Legislative notebook: Stadium planners awaiting Ramsey County, Minneapolis
ST. PAUL -- Minnesota legislators are in the third week of what many leaders say will be a 10-week legislative session, but plenty of questions remain about constructing a Minnesota Vikings stadium.
Rep. Morrie Lanning, R-Moorhead, said a group of legislators working on the stadium issue is awaiting information from Ramsey County and Minneapolis about their stadium proposals.
"How soon that will happen, I don't know," he said Wednesday.
Lanning and Sen. Julie Rosen, R-Fairmont, head the legislative stadium effort.
Momentum has been in favor a site next to the downtown Minneapolis Metrodome, but Lanning said that he does not know how the new site can be vetted quickly. Even though it is next to the Metrodome, where some Minneapolis officials propose a new stadium, there are enough differences that Lanning said the site needs more study.
Ramsey County and the Vikings want a stadium in Arden Hills, and Lanning said the county may come up with a funding proposal this week.
The question for legislators is whether they can get the information in time to pass a stadium construction bill this legislative session. Lanning said the deadline he faces is March 16, when committees must initially pass bills.
Besides waiting for answers, Republican stadium supporters and Democratic Gov. Mark Dayton may need to resolve some tension.
Last week, Dayton said Republican Senate leaders are "unfit to govern" after Rosen led a successful effort to fire a Dayton appointee.
"I understand his being upset," Lanning said, adding "I feel he overreacted. ... That comment was not helpful."
Lanning said he considers the dust-up "water over the dam," but he could not predict its eventual impact.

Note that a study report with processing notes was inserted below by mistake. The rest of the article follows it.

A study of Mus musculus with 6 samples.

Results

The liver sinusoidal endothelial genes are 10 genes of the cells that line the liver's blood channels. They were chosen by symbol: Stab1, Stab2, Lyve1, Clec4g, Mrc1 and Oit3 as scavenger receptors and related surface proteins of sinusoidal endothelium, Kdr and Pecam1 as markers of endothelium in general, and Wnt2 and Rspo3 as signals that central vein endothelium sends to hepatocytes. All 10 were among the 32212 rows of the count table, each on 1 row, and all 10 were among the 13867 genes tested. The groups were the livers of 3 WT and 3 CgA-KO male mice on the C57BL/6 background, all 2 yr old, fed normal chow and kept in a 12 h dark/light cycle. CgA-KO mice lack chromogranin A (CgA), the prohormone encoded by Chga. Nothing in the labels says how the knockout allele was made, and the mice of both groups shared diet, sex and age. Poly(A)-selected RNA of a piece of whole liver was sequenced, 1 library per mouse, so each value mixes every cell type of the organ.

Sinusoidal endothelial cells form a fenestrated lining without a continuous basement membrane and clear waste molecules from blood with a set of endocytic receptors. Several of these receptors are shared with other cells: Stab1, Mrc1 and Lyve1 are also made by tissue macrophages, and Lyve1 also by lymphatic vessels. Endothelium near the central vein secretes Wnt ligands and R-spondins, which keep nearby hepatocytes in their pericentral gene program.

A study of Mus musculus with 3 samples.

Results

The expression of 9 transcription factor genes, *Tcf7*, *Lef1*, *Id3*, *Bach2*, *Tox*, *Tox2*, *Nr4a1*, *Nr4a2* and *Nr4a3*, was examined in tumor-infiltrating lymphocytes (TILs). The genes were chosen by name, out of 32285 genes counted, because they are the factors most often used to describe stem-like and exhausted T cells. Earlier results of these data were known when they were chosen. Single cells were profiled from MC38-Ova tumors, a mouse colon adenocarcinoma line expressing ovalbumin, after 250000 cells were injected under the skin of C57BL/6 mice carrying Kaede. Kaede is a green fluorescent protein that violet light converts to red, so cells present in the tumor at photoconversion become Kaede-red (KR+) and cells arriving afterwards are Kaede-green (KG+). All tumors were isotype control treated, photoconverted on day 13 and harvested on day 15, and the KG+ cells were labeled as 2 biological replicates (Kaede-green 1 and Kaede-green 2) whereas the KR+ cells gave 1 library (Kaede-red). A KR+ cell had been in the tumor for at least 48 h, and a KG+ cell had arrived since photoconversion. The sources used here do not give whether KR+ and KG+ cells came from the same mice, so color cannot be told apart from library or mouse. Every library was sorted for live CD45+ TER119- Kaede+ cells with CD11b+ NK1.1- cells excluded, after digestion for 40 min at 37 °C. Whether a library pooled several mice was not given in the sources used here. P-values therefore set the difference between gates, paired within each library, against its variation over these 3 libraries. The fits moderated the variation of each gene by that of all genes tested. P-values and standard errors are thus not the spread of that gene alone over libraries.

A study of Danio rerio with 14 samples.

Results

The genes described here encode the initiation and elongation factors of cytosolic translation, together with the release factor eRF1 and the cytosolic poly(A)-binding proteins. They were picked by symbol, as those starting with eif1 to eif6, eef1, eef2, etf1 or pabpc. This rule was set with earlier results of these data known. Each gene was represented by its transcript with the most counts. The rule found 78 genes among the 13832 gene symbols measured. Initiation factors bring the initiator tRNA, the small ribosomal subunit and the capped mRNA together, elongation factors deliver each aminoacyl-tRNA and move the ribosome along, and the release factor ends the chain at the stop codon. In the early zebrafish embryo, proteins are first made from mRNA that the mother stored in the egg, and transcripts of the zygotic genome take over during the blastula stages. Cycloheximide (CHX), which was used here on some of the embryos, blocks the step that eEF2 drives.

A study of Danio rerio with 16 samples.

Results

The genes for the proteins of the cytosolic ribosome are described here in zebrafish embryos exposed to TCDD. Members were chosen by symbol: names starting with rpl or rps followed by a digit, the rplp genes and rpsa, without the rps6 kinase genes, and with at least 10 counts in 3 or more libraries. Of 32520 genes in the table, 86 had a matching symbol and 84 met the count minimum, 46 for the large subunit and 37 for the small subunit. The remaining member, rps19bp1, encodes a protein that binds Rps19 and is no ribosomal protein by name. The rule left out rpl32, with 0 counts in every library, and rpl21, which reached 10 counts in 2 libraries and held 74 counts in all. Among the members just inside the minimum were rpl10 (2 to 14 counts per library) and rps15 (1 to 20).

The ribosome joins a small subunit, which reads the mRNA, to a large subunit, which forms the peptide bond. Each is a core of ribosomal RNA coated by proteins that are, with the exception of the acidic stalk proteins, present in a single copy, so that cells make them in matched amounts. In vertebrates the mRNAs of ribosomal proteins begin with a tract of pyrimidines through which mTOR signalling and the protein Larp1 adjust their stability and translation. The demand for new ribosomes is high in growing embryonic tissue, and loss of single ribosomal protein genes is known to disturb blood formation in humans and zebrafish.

"He let his temper get the best of him," Lanning said of the governor.
Dayton defends release
Gov. Mark Dayton tells House Republican leaders that his administration must release a sex offender, even though House Speaker Kurt Zellers and Majority Leader Matt Dean called the move "reckless" and plan to convene legislative hearings on the topic.
Last week, a judicial panel ordered Clarence Opheim, 64, to be let out of a state sex offender treatment program and moved to a St. Paul halfway house.
Opheim has spent 36 years in prison and the treatment program for multiple sex offenses.
Dayton Wednesday wrote to Zellers, R-Maple Grove, and Dean, R-Dellwood, to say state law requires Opheim to be released. The law only allows a sex offender to be held for treatment until he "he is determined to have completed treatment and can be carefully supervised in a setting outside of an institution," Dayton wrote. Law does not allow sex offenders to be confined for life.
Opheim is the first person to be released from treatment.
Dayton said Opheim will be under constant 24-hour electronic surveillance and live in a halfway house staffed full time.
The Democratic governor said he is willing to work with Republican leaders if they want to craft a bill to keep sex offenders imprisoned for life.
Regent delay suggested
Four Democratic representatives introduced a bill to ban legislators from serving on the University of Minnesota Board of Regents for two years after they leave the Legislature.
Democrats have been critical of Republicans for electing former House Speaker Steve Sviggum, R-Kenyon, and Rep. Laura Brod, R-New Prague, soon after leaving the House.
Don Davis reports for Forum Communications Co.